Seeds develop from the ripened ovule of plants after it has been fertilized by the pollen from the male plant. Their shape resembles that of the mother ovule while their size varies as they develop.
A seed contains three parts: an embryo, a supply of food for the embryo and a seed coat.
An embryo is a stem-like organism which springs from a zygote (an egg fertilized by pollen). It comprises the cotyledon or seed leaf. This leaf seed needs water and warmth to begin germination. So it absorbs water and swells giving birth to the radicle or the embryonic root and then to the plumule or the embryonic shoot. The embryo within the seed can survive for long periods without additional food or water resuming its growth when conditions become favorable again.
The food for the embryo can be found either in seed leaves or outside the seed leaves. Its form varies from plant to plant depending on their growth process. Most seeds contain a tissue called the endosperm, rich in oil or starch and protein. It serves several purposes depending on the species of plants and their internal functions.
The seedcoat or the testa develops from the integument surrounding the ovule and serves a a protective shield against outside aggression or dying.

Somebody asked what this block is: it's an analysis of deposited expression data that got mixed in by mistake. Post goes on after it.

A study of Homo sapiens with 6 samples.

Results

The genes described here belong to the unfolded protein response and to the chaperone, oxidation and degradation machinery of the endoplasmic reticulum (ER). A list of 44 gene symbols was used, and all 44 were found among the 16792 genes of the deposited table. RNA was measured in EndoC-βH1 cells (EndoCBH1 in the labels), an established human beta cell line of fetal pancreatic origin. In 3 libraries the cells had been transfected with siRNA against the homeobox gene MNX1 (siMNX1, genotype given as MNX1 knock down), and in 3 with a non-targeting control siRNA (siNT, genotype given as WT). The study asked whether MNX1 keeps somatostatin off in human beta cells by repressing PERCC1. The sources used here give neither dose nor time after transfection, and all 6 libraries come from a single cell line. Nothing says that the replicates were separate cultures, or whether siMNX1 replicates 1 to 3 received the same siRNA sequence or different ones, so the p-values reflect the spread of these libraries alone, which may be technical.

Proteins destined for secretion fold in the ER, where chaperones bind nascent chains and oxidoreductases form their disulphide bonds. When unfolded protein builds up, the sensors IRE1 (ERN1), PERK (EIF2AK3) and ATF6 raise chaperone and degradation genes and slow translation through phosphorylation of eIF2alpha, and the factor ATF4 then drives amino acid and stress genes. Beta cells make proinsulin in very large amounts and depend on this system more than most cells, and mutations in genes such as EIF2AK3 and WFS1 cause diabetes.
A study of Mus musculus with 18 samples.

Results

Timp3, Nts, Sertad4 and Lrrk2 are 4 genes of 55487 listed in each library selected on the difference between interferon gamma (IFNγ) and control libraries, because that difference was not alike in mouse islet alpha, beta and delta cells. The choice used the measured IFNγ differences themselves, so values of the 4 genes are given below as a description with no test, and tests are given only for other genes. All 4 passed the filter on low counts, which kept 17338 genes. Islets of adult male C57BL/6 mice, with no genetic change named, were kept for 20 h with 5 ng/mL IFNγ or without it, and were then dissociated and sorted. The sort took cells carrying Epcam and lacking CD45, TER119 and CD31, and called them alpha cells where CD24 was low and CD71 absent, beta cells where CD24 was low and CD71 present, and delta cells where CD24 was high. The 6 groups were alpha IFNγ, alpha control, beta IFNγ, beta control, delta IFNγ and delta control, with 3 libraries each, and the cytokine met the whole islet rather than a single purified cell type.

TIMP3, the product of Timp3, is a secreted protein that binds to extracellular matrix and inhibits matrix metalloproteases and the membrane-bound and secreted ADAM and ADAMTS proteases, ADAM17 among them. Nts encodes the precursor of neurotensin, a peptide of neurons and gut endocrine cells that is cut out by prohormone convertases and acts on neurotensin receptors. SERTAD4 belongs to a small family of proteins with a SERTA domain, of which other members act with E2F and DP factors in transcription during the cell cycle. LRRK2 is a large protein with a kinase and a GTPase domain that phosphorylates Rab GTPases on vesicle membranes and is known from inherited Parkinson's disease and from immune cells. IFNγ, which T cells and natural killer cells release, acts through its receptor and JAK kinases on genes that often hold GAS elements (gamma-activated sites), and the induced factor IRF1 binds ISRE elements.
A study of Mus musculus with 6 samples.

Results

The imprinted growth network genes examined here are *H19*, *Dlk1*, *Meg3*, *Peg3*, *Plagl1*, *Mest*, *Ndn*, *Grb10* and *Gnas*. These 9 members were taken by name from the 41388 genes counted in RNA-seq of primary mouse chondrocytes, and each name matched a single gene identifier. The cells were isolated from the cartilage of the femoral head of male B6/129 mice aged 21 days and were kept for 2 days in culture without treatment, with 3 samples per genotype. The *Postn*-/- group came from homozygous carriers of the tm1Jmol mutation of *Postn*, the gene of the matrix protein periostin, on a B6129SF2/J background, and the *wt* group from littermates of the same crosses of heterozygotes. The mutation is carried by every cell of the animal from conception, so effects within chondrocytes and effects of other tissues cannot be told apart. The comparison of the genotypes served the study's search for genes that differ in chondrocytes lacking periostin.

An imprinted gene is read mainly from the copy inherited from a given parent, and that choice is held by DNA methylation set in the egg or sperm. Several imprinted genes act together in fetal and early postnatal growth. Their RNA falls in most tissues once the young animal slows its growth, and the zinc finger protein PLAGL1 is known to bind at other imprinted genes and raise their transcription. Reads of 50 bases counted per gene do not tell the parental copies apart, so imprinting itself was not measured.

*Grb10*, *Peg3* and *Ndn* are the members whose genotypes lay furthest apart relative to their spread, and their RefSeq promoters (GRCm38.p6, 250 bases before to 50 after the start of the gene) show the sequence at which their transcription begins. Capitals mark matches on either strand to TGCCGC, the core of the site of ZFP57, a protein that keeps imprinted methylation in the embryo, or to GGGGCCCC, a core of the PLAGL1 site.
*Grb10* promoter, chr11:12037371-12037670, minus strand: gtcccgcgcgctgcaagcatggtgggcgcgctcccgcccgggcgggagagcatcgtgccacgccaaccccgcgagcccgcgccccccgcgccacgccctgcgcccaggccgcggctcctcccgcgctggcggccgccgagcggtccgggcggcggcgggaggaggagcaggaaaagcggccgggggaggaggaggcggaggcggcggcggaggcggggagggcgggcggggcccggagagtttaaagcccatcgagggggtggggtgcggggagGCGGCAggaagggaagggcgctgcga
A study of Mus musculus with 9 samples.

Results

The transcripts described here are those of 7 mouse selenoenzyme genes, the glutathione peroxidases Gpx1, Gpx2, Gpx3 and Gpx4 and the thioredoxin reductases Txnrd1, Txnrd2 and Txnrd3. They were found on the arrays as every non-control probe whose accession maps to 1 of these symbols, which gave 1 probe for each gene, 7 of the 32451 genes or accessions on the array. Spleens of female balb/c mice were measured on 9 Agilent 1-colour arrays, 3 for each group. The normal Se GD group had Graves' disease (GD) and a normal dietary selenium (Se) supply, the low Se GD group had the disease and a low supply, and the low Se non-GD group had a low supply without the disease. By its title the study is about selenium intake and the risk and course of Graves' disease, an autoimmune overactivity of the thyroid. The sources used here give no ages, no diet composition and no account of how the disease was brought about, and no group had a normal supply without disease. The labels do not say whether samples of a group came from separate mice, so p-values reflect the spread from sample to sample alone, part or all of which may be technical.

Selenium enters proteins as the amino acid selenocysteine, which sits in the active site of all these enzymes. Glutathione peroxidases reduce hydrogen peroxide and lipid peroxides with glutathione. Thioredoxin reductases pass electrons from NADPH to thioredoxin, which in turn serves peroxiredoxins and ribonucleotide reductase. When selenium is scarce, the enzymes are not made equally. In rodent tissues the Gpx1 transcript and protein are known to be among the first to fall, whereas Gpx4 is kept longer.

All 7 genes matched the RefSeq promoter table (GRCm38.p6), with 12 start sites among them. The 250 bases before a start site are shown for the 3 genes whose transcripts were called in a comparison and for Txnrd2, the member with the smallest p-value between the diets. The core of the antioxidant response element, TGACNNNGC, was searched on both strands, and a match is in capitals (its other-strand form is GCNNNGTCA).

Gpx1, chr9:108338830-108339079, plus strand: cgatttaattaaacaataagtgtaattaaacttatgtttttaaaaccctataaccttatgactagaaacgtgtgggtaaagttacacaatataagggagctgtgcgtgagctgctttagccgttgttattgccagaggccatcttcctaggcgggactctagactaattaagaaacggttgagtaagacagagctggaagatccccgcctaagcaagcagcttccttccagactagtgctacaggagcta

There are two major types of seed plants which complete their life cycles in completety different ways: the angiosperms and the gymnosperms. The angiosperms are kinds of plants which have both male and female parts which, by means of pollination, ensure the birth of new seeds. The male pollen is dropped by birds or insects on a female stigma. From there it gets into the ovary where after a series of transformations it becomes a fertilized egg and then an embryo. The embryo, along with the endosperm that nourishes it, is protected by the testa. But what most differentiates angiosperms from gymnosperms is the phenomenon of double fertilization: angiosperm reproduction is double fertilization: besides egg cell fertilization, central cell nucleus fertilization occurs as well.
Gymnosperms or flowerless plants such as conifers have a rather different cycle of seed development. They are spore-bearing plants (sporophytes) and they are different from the angiosperms through their reproduction method: they use only one sperm cell whilw the other one is left to wither and die.
Seed dormancy is a characteristic of some seeds which do not germinate even under friendly environmental conditions. These seeds adapt easily to harsh conditions and can be cultivated in areas around the globe including Northern Europe or Australia.